Geographic Clustering of Social Injection Activity and Risk of Hepatitis C Virus Acquisition Among People Who Inject Drugs in Montreal

Author: Nanor Minoyan Stine Bordier Høj Marie-Pierre Sylvestre Andreea Adelina Artenie Valérie Martel-Laferrière Sarah Larney Didier Jutras-Aswad Julie Bruneau

Theme: Epidemiology & Public Health Research Year: 2022

High HCV incidence rates persist among PWID in Montreal, Canada, despite longstanding presence
of harm reduction in the city. Harm may be concentrated in specific neighbourhoods; targeting of
these areas may improve cost-effectiveness of HCV elimination efforts, including treatment-asprevention approaches. We estimated the association between residence in areas with high
clustering of social injection activity and HCV infection among PWID in Montreal.
Data were drawn from HEPCO, a prospective cohort study involving three-monthly HCV testing and
interviews with active PWID (2010-2017). At each visit, participants reporting past-month injection
with other PWID reported the location (postcode) of their latest social injection episode. We first
used these postcodes to identify areas exhibiting heightened clustering of social injection activity
(“hotspots”). HCV-negative cohort participants were then categorized as residing (or not) in a
hotspot, based on where they had slept most often in the past month. Incident HCV was defined as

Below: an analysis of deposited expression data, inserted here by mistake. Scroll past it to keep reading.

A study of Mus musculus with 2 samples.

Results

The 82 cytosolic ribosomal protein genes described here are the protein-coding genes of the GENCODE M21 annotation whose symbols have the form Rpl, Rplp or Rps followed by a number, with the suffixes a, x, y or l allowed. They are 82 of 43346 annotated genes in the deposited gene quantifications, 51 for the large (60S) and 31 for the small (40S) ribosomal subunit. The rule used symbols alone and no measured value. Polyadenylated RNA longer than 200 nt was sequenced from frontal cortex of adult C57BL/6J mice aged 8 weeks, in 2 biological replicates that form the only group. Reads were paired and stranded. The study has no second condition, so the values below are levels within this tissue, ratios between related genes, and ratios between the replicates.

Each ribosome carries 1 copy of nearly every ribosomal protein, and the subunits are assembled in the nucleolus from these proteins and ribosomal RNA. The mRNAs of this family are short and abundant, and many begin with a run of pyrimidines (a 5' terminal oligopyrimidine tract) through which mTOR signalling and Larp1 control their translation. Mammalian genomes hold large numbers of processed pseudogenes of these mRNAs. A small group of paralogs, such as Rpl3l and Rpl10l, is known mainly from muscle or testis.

an antibody+/RNA+ test. Associations were estimated using inverse-probability-weighted marginal
structural models to adjust for time-dependent confounding and non-differential dropout by age,
gender, housing/income stability, OAT, incarceration and prescription opioid injection. Weights were
estimated using pooled logistic regression; hazard ratios were obtained from a weighted Cox model.
Follow-up was censored at three years.
Participants were mostly white (89.8%), male (79.8%) with a median age of 40. Hotspots covered an
area of 5.78 km2 and were located in the downtown/Ville-Marie area. At baseline, participants
residing in hotspots were older and generally more vulnerable than those residing in outer areas. 99
infections were observed over 956.0 person-years (rate: 10.4/100py [95%CI: 8.5-1.3]). Weighted
models estimated a two-fold risk of infection in hotspots vs. areas outside (95%CI: 1.20-3.44).
Risk of HCV was elevated in social injection hotspots, supporting prioritization of HCV elimination
efforts to select geographic areas. Prevention may further require modifying structural determinants
of harm among PWID.
Disclosure of Interest Statement:
No author has financial or personal relationships with people or organizations that could
inappropriately influence their work. SBH receives part of her salary from a Canadian Institutes of
Health Research grant. VML holds research grants from Gilead Sciences and Merck and receives
advisor fees from Abbvie (unrelated to the current work). SL received untied educational grant funding
from Indivior. DJA receives study material from Insys Therapeutics for a trial unrelated to the current
work. JB receives research grants from Gilead Sciences and Abbvie and receives advisor fees from
Gilead Sciences and Abbvie (unrelated to the present work).